I read these two issue pretty much back to back and discovered something in them that I’d actually been missing from Marvel Comics and shared universe comics in general for quite some time. Unfortunately it is heavily spoiler-laden so the rest of the post is behind the cut…
Last week we had Amazing Spider-Man #535 an issue in which Peter finally decided that he had chosen the wrong side in the registration conflict. Essentially the whole issue was Peter reflecting on how Tony Stark and Reed Richards were both profiting from the Negative Zone prison, and the entire act as a whole. Finally, after a discussion with Reed involving his McCarthy era Uncle (Not too obvious hammering of the civil rights issue…) Peter told Aunt May and Mary Jane to run and was attacked by asshat Tony Stark.
Now, I don’t even need to go into how horrendous the character of Stark is acting. That has been discussed left and right throught the blogoverse. What I was interested in was how JMS actually tried to put a human perspective on Reed Richards through his conversation with Peter. While his talk isn’t enough to convince anyone of the validity of the law, it’s enough to show that he does in fact have some doubts and therefore could in fact be on the road to redemption. He’s trapped in a prison of his own making and is, at this point, too deep to escape without losing everything he’s worked so hard to build. I can relate to that and actually feel sorry for him. Then we come to this week’s Fantastic Four #540, which makes me question the very existence of editors.
In this week’s issue of Fantastic Four, we had, in essence, the dissolution of the FF. Ben finally left for Paris (with the stupidest reasoning I’ve ever heard…I mean seriously…expatriates who went to Paris to escape the war…anyway, not the point of the post) and Sue left Reed. How did Sue leave Reed you might ask…well, you shouldn’t have to since we saw it all on panel in Civil War #4, but see…that’s not how she leaves in this issue…at all. We had an extremely out of character Sue leaving Reed in Civil War which boggled the mind and only made sense if you knew the character, and knew which side she would lean towards based on past history alone. This issue had a much more in-character version of her departure…but it totally voided the departure in Civil War #4.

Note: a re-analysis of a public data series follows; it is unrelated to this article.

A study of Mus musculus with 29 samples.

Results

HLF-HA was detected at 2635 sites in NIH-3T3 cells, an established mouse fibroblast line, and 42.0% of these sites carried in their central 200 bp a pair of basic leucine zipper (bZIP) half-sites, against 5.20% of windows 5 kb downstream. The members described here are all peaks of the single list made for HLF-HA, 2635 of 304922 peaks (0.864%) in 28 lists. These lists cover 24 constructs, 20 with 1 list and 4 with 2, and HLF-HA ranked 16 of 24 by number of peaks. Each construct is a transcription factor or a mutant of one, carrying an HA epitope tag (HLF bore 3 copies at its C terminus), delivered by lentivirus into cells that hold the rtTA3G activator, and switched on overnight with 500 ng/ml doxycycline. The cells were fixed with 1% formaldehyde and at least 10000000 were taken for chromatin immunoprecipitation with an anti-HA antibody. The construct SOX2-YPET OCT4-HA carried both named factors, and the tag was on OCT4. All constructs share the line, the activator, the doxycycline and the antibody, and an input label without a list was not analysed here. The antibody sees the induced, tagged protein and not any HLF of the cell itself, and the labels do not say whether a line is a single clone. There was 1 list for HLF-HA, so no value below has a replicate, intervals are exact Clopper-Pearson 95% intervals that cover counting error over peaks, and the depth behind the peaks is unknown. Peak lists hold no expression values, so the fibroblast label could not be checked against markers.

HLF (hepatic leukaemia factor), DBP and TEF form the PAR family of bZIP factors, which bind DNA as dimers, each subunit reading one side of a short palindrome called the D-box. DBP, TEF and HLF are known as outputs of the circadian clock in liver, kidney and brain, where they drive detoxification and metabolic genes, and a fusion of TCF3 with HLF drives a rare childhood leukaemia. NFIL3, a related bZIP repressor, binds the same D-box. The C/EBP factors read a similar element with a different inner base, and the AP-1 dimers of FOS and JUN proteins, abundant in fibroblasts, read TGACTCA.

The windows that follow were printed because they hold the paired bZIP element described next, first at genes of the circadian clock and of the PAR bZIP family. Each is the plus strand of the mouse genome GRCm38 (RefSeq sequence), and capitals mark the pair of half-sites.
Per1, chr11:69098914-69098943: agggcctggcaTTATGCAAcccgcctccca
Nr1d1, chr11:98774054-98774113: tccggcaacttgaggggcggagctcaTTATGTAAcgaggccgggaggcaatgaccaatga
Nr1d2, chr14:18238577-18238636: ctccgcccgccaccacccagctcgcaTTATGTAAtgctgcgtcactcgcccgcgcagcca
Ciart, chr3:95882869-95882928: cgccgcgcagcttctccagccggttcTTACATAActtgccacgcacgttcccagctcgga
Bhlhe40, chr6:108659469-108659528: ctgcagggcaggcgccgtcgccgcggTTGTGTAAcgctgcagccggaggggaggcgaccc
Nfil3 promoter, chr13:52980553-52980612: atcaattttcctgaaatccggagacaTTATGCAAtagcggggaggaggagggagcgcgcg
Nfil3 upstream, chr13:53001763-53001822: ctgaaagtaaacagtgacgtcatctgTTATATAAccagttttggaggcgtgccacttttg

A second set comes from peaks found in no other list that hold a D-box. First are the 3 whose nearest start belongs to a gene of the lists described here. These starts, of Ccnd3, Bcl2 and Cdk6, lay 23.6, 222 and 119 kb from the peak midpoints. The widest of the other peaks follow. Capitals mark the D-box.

This issue Sue basically exploded after trying to have a reasonable discussion with Reed about where his priorities lay. She did some property damage to prove her point, and she actually made a convincing point as to why exactly she was leaving. Which was great, and was definitely a plus point for the character’s handling. But nowhere was there a mention of immunity sex or Reed taking care of the kids, or hell, even oxidant wine! What’s really mind-boggling is that Tom Brevoort edits both Civil War and FF…and with the delays involved he could easily have had the two be in sync…but no, that would be too much like doing someone’s job wouldn’t it.
Now, as to what Marvel or more specifically, JMS did right. In Amazing Spider-Man, JMS had Peter talk to Tony and Reed and gave us the story through Peter’s perspective. In Fantastic Four, he did the same thing and gave us the story from Reed’s perspective. And not only that, he also added some extra details that enhance the reading experience from ASM and FF if you read them both, but if you only read one, you get a pretty good picture of what’s going on too. I mean, Tony “asshat” Stark was actually spying on Peter and Reed!! There’s no way in hell that can be justified in my opinion. Also, by giving the story from Reed’s POV, we get a more human picture of him and feel more sorry for him. I actually didn’t hate Reed anymore after this issue, and that’s a very good thing. Also, two different editors on the books, and they have more correlation between the two then the two books by one editor…just thought I’d mention it.
So, in 2 issues, Marvel managed to run the gamut between totally dropping the ball and actually really redeeming a failing character…I would say I’m impressed, but I’m just…amused. It’s hilarious how horribly Civil War clashes with FF. I can’t wait to read Brevoort’s explanation for this.